Scientists from NASA, the SETI Institute and other institutions will study microscopic life forms in some of the highest lakes on Earth atop a South American volcano to learn what life may have been like on early Mars.
From Oct. 27 to Nov. 23, scientists will conduct field tests to examine life forms in several lakes, including the Licancabur volcano crater lake, at nearly 20,000 ft. In the Andean Altiplano on the border of Bolivia and Chile.
"Studying life in these lakes not only provides critical information about the habitability potential of early Mars and other planets in the solar system, it also opens a window into our own past to reveal how life survived on Earth 2 billion years before the ozone layer formed," said the project's principal investigator and expedition lead, Dr. Nathalie A. Cabrol of NASA Ames Research Center, Moffett Field, Calif., and the SETI Institute, Mountain View, Calif.
Intense ultraviolet (UV) radiation, low oxygen, low atmospheric pressure and cold temperatures make the environment a close analog to martian lakes 3.5 billion years ago. Despite the extreme conditions at Licancabur, scientists say microscopic life is present and diverse. Its survival strategy might be very ancient, according to Cabrol.
During their first expedition last year to the same area, Cabrol's science team discovered that very small plankton-like algae called diatoms had 10 times more deformities than similar algae in other lakes. UV is believed to be the 'prime suspect' that may have triggered the malformed algae, according to Cabrol.
One of the scientists' goals is to identity the species living in the high lakes and to learn how these living things cope -- or do not cope -- with UV and other stresses.
"Most of the lakes we study there are shallow and do not provide substantial protection to living organisms. They have nowhere to hide from UV," Cabrol said. "We want to understand if these diatoms have developed some sort of 'sunscreen.' If not, they are probably on their way to extinction," she added.
"Either case represents potentially an immense source of knowledge," Cabrol said. "On the one hand, we might learn more about life strategy against UV with all its implications for early planets' habitability and future astrobiological mission exploration strategies, and on the other hand, we might possibly be on our way to identifying a limit to life's adaptation on Earth," Cabrol explained.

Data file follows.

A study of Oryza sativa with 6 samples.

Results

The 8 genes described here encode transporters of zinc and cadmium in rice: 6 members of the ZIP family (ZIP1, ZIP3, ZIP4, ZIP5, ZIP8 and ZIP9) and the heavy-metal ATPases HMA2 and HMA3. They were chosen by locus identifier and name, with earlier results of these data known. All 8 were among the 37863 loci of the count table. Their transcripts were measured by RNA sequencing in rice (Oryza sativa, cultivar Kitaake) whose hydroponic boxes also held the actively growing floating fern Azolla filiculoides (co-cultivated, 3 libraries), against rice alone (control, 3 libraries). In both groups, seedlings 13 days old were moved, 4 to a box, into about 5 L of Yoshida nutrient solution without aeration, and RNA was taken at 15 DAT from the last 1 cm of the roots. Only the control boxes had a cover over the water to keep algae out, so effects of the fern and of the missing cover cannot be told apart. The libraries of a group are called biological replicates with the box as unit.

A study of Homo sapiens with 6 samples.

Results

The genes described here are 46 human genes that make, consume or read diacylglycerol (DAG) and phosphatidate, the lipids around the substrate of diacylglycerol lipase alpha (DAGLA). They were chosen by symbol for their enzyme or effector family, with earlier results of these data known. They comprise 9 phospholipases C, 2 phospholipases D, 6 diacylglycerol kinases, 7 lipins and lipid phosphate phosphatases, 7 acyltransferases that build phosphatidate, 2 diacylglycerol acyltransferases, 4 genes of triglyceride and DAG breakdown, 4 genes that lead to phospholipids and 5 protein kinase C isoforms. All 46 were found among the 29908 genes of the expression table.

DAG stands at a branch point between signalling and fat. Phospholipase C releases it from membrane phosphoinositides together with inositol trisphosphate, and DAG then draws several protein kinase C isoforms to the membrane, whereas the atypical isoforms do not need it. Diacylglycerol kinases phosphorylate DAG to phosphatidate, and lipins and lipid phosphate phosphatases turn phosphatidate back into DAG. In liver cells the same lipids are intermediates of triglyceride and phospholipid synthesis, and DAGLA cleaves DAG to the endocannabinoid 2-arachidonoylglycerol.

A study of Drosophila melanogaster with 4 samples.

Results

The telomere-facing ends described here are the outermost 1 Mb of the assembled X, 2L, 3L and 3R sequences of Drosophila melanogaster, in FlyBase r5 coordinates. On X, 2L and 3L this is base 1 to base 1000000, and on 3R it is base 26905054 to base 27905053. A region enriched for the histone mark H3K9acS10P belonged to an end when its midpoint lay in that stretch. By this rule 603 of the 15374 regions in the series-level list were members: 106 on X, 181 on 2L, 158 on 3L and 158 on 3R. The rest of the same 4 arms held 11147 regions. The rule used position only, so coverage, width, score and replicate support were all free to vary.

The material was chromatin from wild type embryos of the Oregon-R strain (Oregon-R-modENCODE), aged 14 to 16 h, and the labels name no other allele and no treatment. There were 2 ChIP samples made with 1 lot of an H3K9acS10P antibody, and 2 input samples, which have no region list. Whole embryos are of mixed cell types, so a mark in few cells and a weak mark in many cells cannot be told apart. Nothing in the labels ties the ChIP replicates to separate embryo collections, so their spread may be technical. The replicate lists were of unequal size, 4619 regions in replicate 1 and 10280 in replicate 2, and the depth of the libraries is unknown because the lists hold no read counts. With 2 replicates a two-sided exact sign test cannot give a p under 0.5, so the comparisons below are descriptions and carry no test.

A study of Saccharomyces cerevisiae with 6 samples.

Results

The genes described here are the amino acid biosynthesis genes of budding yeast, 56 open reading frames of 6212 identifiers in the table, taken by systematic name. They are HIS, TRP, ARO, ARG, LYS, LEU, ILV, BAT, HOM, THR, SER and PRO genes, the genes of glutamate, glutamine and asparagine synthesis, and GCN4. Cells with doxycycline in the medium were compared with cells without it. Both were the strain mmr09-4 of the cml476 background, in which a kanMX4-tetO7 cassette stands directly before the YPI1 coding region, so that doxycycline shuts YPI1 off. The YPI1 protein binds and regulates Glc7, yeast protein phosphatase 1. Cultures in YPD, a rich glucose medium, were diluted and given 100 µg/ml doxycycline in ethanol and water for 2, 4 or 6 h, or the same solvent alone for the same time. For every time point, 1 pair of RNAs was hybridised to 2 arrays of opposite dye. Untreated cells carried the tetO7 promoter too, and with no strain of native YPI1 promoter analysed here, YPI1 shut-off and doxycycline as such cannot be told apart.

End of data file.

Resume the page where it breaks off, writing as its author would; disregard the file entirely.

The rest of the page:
The team will set up data-collection stations with instruments and experiments to measure UV and its effect on life in the area. The stations also will measure temperature, water properties and other conditions. The instruments are the first element in a planned large network of stations that the team will position in coming years at high-altitude lakes up to 20,130 feet. Commonly used in marine and lower altitude lake environments, these stations have never been taken to such high altitude; scientists believe they will record unprecedented data for years.
Cabrol and several other scientists also will 'free' dive to collect biological samples and sediments at various locations in Licancabur Lake that are not accessible by boat. During their dives, scientists plan to take underwater pictures and video to document the lake's biology and its habitats.
Divers will wear 'LifeGuard' devices to monitor the divers' conditions including real-time vital signs (ECG, heart rate, respiration, oxygen saturation, temperature and human activity) from the expedition site. A satellite will relay this data to NASA Ames. Members of the ascent team also will wear the LifeGuard telemedicine monitors. The 'Astrobionics' team at NASA Ames developed the monitors for use on Earth and in space.
Moffett Field - Oct 17, 2003
Freeman Dyson is betting that alien life doesn't live on a world like yours. More specifically, if you check out the tentative wager this celebrated physicist has logged at the Web site, you'll see that Dyson's hunch is that the first discovery of extraterrestrial life will be made someplace other than on a planet or on a satellite of a planet.